Volume 93, Issue 87

Wednesday, March 15, 2000


Tuition capped for five years

USC budget predicting surplus

Teachers' association rallies in opposition of federal report

Future of endorsements faces council meeting

VP hopefuls stand up to the mic

New program to reward excellence

Bass Ackwards

Caught on campus

Tuition capped for five years

By John Intini
Gazette Staff

The Ontario government announced a five year cap on undergraduate tuition rates yesterday, which would prohibit post-secondary institutions from increasing rates by more than two per cent a year.

Dianne Cunningham, Minister of Training, Colleges and Universities, who made the announcement, said the decision was an attempt to allow students to better plan for the cost of education, explained Ministry spokesperson Dave Ross. The cap would effect regulated degree programs and come into effect for the 2000-01 academic year.

University Students' Council president SzeJack Tan said since the cap was so close to Canada's annual inflation rate, the decision essentially created a tuition freeze. "Students did well today," Tan said, adding this was a great turnaround from a decision made two years ago, when the government permitted universities to increase tuition by up to 20 per cent over two years.

Ryan Parks, president of the Ontario Undergraduate Student Alliance, said he was happy about the long-term nature of the announcement. "We were calling for a freeze and this essentially is a freeze," he said.

Parks said he thought this announcement, in part, was an effort by the Ontario conservative government to follow through on a campaign promise which guaranteed students would not have to pay for more then 35 per cent of the total cost of their education.

However, not all student lobby groups were pleased with the announcement. Joel Harden, Ontario chair of the Canadian Federation of Students, described the plan as a slap in the face to students. He said those who supported it have no problems with the current rates of tuition. "Our point of view is that the average rate of tuition in Ontario, which is around $3,800, is unacceptable," he said.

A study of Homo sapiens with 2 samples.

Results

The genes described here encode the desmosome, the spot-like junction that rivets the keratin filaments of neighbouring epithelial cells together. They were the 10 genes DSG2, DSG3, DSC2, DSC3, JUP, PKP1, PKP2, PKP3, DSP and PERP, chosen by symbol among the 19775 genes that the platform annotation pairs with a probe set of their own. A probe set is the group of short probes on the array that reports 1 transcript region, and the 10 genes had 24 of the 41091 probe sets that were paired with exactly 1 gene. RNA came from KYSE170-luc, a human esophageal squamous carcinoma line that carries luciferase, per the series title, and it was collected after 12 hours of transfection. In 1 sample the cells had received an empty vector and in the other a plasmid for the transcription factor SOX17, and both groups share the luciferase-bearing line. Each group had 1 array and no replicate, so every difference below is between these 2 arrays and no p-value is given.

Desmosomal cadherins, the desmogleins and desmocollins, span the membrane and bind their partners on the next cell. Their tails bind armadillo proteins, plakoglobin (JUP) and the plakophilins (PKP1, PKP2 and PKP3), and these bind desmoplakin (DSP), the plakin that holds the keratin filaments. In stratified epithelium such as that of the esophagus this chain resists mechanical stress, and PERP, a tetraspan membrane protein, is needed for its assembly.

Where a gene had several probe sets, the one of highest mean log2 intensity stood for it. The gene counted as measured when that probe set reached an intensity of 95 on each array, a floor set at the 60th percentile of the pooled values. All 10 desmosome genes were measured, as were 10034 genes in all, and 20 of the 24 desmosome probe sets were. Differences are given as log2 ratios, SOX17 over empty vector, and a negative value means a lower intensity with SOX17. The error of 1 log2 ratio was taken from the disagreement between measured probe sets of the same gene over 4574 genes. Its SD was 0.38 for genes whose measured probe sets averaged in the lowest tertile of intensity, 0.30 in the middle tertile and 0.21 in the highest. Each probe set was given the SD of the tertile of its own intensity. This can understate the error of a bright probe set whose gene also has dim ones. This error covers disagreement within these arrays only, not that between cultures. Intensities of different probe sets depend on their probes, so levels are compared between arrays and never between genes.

Peter Mercer, Western's VP-administration, said the announcement will put the quality of education in jeopardy. "The government is tying the hands of universities," he said. "If I was a student, I would be concerned."

Mercer said Ontario's post-secondary system remains Canada's least funded. He added the government was unclear as to how schools could provide the same levels of education without control of their main source of operational income.

He explained since 30 per cent of tuition income must be put towards student aid, the five year maximum increase was only about seven per cent in real economic terms.

Cunningham also announced university's operational grants for the 2000-01 academic year will be approximately $1.7 billion, up $52 million from last year, Ross said.

He added for the first time, part of the money will be allocated based on a university's performance. Sixteen and a half million would be distributed based on three indicators – graduation rates and grad employment rates after six months and after two years, he said.

Parks added the increase in operational funding only amounts to a 3.25 per cent increase, which was inadequate. He also said it would be important for lobby groups to continue working for the betterment of students.

"We have to push the issue that students are still suffering," he said.